How to Glue Plywood Together

How to Glue Plywood Together


If not done properly, the plywood pieces will not adhere to each other. Today we are here not only to figure out how to glue plywood together but also why you would want to do so to begin with.

Why Would You Need to Glue Plywood Together?

So why would you ever need to glue plywood together? Yes, it’s a fair question to ask, because after all, if you need plywood of a certain thickness, wouldn’t you just purchase it that way?

1. Achieving Thickness

Well, the answer here is that sometimes you might only be able to find plywood of a certain thickness, and therefore you might need to glue two separate pieces together in order to achieve the thickness that you need for your project.

Let’s say that for whatever reason you need a 3-inch thick piece of plywood, but you can only find ones that are 1.5 inches thick. If this is the case, then you would need to glue the two together to achieve a 3-inch thick piece of plywood.

2. Laminating or Veneering

If you are using plywood for any kind of table or countertop, as well as any other such surface (and you really want to DIY), then you will probably want to laminate it, so to speak. Yes, you can buy it laminated, but you can also do it yourself, which may be necessary if you are looking for something very specific.

Plywood by itself is of course not very beautiful, and it’s definitely not waterproof either, which means that laminating it will not only make it look better but also more resistant. In other words, you can “laminate” plywood or band it with real wood in order to make it look like real and solid wood, even though it’s just plywood below.

3. Increase Durability and Protection

If you are building something out of plywood, such as a shed or something like that, then you may need to glue two pieces of plywood together in order to get the highest amount of moisture resistance possible, all without an insane cost.

For instance, instead of using one huge piece of top-quality plywood that is waterproof and ideal for outdoor purposes, you could use one thick piece of cheap plywood, and then just glue a very thin layer of top quality and waterproof (or water-resistant) plywood to the outside. This is a very cost-effective approach.

4. Small Projects

If you are working in carpentry, you like doing arts and crafts, or you need to do some small repairs at home, then there are many instances where you may need to glue plywood together.

How to Glue Plywood Together

Alright, so now that you know what the four reasons are as to why you might need to glue plywood together, let’s find out how to do it.

Step 1: Gather Your Materials

First things first, you do need to have the right kind of glue for this job. Generally speaking, the best option at your disposal is going to be PVA or polyvinyl acetate glue. This is commonly known as wood glue or carpenter’s glue.

This type of glue is designed specifically for gluing together wood and is therefore perfect for this task. You also want to get some sheets or newspapers to keep the area clean, as well as a stick or spreading utensil, some clamps, and potentially a screwdriver and some screws.

Glue for Connecting Plywood

Step 2: Prepare the Plywood

Before you apply adhesive to the plywood, just make sure to wipe it down with a slightly damp rag in order to remove any debris. Any debris that is in the way will prevent the glue from adhering properly.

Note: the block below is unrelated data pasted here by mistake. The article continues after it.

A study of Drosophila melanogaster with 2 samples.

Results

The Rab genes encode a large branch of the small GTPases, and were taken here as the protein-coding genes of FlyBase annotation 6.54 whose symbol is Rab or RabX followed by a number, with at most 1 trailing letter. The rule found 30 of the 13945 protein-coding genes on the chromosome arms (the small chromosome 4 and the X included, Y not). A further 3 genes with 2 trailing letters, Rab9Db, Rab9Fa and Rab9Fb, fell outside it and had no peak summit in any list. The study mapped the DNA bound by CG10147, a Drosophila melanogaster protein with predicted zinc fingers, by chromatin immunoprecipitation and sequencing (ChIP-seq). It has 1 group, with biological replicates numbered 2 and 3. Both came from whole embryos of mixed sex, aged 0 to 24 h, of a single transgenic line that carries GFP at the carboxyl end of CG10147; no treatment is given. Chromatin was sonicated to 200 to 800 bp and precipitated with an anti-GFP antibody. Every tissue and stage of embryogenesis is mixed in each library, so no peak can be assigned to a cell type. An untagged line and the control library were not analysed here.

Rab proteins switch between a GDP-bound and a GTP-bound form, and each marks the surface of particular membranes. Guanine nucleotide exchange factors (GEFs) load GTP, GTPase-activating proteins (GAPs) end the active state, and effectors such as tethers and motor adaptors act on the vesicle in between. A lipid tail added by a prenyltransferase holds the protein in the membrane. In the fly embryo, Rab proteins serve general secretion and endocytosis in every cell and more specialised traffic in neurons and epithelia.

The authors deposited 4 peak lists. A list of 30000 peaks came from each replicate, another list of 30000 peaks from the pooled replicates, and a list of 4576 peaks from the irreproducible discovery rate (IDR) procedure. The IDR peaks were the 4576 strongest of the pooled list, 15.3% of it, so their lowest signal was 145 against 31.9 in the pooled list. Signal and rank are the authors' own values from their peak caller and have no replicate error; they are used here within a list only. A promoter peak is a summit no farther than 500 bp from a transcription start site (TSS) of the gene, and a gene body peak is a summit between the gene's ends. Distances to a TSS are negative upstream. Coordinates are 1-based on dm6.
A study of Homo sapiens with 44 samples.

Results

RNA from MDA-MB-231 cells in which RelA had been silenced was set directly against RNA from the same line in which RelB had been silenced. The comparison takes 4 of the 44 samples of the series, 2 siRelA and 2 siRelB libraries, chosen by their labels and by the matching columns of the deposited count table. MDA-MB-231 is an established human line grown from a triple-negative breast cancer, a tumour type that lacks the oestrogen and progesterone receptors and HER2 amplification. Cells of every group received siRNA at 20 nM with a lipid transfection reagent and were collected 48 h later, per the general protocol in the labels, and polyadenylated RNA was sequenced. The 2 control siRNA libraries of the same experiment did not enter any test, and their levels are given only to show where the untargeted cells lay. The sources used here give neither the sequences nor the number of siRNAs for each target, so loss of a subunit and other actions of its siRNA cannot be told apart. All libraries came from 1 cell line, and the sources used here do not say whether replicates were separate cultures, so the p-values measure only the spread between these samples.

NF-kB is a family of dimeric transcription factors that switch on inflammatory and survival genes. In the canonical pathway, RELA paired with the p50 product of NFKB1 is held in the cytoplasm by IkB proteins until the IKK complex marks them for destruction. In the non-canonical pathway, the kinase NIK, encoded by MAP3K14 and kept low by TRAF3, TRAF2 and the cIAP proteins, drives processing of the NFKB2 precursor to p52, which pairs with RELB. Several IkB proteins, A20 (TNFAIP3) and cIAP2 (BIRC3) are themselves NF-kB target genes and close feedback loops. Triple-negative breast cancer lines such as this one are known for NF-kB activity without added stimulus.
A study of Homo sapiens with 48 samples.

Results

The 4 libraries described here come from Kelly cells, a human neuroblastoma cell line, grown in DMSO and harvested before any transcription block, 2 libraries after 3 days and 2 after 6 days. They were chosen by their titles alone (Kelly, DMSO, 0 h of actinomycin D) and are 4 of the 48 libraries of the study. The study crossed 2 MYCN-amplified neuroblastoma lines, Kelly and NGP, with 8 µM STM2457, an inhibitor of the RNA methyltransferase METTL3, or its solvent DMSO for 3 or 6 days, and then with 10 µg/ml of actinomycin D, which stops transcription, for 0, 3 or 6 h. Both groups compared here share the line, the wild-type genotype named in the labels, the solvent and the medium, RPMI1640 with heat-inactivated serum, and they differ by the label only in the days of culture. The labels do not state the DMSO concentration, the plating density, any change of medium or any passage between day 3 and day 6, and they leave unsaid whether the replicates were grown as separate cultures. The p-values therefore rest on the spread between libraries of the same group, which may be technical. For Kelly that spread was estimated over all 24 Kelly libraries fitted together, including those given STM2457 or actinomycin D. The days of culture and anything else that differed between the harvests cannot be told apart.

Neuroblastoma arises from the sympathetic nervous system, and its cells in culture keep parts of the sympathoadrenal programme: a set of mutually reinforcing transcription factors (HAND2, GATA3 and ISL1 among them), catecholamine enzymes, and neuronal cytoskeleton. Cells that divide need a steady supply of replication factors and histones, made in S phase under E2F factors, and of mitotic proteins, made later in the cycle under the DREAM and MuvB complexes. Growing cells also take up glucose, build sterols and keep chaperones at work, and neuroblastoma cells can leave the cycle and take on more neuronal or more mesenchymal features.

Once the plywood has been prepared, select which side of both pieces you will be applying the glue to. If the plywood looks better on one side than the other, use the worse side as the gluing side.

Step 3: Apply the Glue

Now you want to apply a very generous amount of glue to one of the pieces of plywood. This is not one of those times where a little goes a long way. You do want to use a whole lot of wood glue for this task.

Use a stick or any other kind of utensil to evenly spread the glue around the plywood. Now you can just lay the other piece of plywood on top.

Step 4: Press It Together

In order for the two pieces of plywood to be completely flush and as close to each other as possible, you do want to clamp them together while the glue is drying. By the way, it can take up to 24 or even 48 hours, depending on the conditions. Normal clamps will work just fine.

However, if the plywood is larger than 24 x 24 inches, then you do want to use large C clamps that can reach far over the plywood in order to clamp that center together. You don’t want to just clamp the edges together, you do need to clamp the center as well. Once you have applied the clamps, screw them together as tightly as humanly possible.

If you want the bond to be permanent, and if you want the bond to be reinforced, then what you can also do is insert screws along the length of the plywood. Insert screws that are no longer than the combined thickness of both pieces of plywood. Insert a few screws in the very center of the plywood, along the length of it, as well as along all four edges. Screw them in as tightly as possible.

Step 4: Clean and Dry

When you squeeze those two pieces of plywood together, all of the excess glue is going to come out the sides. So at this point, you want to use a rag to clean up all of the excess glue.

Once this is done, all you need to do is to let the glue dry.

Mistakes to Avoid, Tips & Tricks

While the above should cover it, here are a few more tips to make the process smoother:

  • If you are going to be using anything but PVA wood glue, make sure that it is designed to work on wood.
  • Remember that the plywood surfaces have to be totally clean before you try gluing them together.
  • Always wear gloves and goggles when working with any type of adhesive.


There you have it, folks, now you should know exactly how to glue plywood together for whatever reason you might have. As you can tell, it’s quite an easy task indeed!